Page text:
Devaluation of oil-rich Kazakhstan’s currency, tenge, twice in two years following a crash in oil prices has led national carrier Air Astana to focus its expansion on neighboring countries such as China and the Ukraine, and less on the saturated domestic market. But even as it fine-tunes its growth strategy, the carrier is eager to retain its solid #PaxEx credentials.
President and CEO Peter Foster, who has been with the airline for 11 years, told RGN in a recent interview that he is accustomed to fluctuations in oil prices and will not be deterred by the downturn.
While Air Astana’s “cost base has never been lower”, Foster acknowledged that the short-term challenge is to manage recession. “We face a revenue challenge.” This is because Kazakhstan’s population of 17 million people is catered to by multiple airlines, which are targeting the same market with cutthroat fares, and in turn threatening yields.
To wit, a one-and-a-half hour flight from Almaty to Astana can cost as little as $30, “less than taxi fare between Heathrow to the center of London”, noted Foster. While Air Astana continues “to sell a few tickets at that cost”, Foster said he will not degrade his product. “We have known for a long time our future is as a network carrier and that is what we are continuing to develop.”
Eleven on-order A320neo family aircraft – of which four are A321neoLRs – will be leased from Air Lease Corp and AirCap to facilitate the carrier’s growth strategy. “The first neo was delayed intentionally to September 2016 to get the modified version of the PW 1000G engine. It gives us the capability of accessing every Chinese city with narrowbody aircraft,” explained Foster.
Five Boeing 757s, which serve as work horses for the carrier, will be phased out from 2019 and replaced by the 321neoLRs, as previously reported by RGN. The carrier’s first Boeing 787 will also enter service in the same year. The A321neoLR with three auxiliary fuel tanks will have a range of 3,900nm. As the tenge and market bounce back, the time will then be ripe to look at Japan, Singapore and US markets, said Foster.
“We have plenty of money in the bank,” he assured when queried on financing the fleet expansion. However, it was a slowdown in traffic that prompted the carrier to postpone delivery of three Boeing 787s (with eight options) to 2019.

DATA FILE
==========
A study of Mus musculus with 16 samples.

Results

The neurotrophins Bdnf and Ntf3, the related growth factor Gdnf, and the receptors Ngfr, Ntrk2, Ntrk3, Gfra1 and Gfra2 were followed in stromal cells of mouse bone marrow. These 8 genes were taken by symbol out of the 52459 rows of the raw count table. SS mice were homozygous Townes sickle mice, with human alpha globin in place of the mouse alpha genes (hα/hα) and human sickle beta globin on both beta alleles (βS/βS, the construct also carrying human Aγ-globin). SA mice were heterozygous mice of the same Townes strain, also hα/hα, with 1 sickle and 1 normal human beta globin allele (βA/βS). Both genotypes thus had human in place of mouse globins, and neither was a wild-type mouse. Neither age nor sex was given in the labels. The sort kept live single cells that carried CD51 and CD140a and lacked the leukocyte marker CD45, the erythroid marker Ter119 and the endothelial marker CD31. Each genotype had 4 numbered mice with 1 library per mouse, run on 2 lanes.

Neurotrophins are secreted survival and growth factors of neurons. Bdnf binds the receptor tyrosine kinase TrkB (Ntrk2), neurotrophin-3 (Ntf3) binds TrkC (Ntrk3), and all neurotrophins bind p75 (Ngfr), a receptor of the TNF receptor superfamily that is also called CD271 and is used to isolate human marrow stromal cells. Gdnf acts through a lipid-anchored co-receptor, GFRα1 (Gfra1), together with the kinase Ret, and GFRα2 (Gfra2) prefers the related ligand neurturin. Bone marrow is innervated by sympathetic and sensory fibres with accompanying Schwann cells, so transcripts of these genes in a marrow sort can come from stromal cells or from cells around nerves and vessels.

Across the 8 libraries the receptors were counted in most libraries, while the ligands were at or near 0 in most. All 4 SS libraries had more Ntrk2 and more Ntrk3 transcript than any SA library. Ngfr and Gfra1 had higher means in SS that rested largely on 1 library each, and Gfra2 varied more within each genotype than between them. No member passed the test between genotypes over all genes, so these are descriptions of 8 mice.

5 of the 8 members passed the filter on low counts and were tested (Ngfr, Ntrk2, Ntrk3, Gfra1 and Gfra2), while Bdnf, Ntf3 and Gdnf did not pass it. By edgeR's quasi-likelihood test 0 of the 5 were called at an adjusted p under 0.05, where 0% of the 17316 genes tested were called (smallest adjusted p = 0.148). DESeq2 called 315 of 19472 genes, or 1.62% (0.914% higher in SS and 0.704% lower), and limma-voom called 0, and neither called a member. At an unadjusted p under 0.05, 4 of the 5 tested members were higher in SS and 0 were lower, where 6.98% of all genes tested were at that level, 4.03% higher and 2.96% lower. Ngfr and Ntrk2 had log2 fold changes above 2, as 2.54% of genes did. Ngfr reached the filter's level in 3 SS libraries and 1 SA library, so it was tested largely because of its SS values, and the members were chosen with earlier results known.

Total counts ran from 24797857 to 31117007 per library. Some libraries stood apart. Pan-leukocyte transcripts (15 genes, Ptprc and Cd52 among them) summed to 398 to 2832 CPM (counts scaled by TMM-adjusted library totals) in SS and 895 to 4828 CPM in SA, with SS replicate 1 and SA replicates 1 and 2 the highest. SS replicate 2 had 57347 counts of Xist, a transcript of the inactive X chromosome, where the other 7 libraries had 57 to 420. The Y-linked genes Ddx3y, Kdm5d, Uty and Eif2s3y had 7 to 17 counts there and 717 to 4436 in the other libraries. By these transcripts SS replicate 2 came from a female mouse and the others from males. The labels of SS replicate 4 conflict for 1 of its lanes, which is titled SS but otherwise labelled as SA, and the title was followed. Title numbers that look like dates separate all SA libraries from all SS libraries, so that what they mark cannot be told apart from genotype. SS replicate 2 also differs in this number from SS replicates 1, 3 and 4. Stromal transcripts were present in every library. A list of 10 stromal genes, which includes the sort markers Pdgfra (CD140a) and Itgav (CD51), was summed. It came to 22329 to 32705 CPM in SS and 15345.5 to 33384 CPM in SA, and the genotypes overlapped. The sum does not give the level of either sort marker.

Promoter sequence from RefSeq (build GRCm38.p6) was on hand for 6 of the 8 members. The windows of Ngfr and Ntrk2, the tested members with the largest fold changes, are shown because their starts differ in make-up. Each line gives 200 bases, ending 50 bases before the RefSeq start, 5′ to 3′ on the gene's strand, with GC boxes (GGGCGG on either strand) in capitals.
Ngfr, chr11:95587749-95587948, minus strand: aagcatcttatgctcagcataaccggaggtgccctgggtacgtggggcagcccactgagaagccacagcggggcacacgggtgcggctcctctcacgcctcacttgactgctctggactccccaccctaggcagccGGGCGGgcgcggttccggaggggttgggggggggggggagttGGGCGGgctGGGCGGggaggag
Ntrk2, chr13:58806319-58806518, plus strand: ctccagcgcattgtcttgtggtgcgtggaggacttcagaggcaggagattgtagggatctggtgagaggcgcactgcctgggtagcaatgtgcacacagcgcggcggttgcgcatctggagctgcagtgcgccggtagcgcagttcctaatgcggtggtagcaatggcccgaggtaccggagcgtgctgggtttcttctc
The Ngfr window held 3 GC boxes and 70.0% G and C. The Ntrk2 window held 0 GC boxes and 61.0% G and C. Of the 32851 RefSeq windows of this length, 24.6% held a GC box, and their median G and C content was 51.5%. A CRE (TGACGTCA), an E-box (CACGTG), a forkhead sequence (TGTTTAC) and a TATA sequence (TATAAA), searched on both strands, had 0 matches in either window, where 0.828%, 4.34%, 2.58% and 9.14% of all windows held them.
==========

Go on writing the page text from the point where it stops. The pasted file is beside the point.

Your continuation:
Business class seats for the 321neoLRs will be Thompson Vantage, which are also found on the carrier’s Boeing 767-300ERs. No firm selection has been made yet on the seat manufacturer for the 787. “This will be discussed at initial configuration meetings later this year. We are now starting the configuration and have only preliminary draft Layout of Passenger Accommodations (LOPA),” said Foster.
Interestingly, Air Astana is actually studying both the 8- and 9-abreast layout options for the 787 “and will choose what is more appropriate after input from all involved”, according to management. “However, we will be looking for as much inter-fleet commonality as possible. The vast majority of airlines have selected snug 9-abreast economy class cabins for their 787s.
Air Astana is the official carrier for next year’s Expo 2017 in Astana, which hopes to attract a total of over 3 million visitors. The Expo’s distinctive logo is featured on an Air Astana A320. More broadly, the carrier is in the process of making its aircraft livery more modern. “We will be rolling it off on one aircraft first to see reactions,” said John Wainwright, senior VP engineering group. No changes will be made to the crew uniforms.
Air Astana aircraft are earmarked to be retrofitted with Zodiac Inflight Innovation’s wireless IFE solution, with retrofits planned for Embraer 190s and A320s this fall. Passengers can access content streamed from a mini server positioned in the front galley. The system has been tested on Canadian leisure operator Air Transat. “We sent our people out there,” revealed Foster. Zodiac’s RAVE seat-centric embedded IFE is already installed on Air Astana’s 767s.
In April, Air Astana announced an agreement with Rockwell Collins for Inmarsat Global Xpress-powered high-speed Internet on its fleet of three 767s, saying at the time that it would be “one of the world’s first airlines in the world to go operational with the GX system” in September. At a briefing in Almaty in mid-June, however, Foster told a group of visiting journalists that the GX launch is a work in progress.
“The Rockwell Collins mod is postponed till next year, due to concerns over availability of satcom coverage. Meanwhile all engineering jobs are being continued,” he said.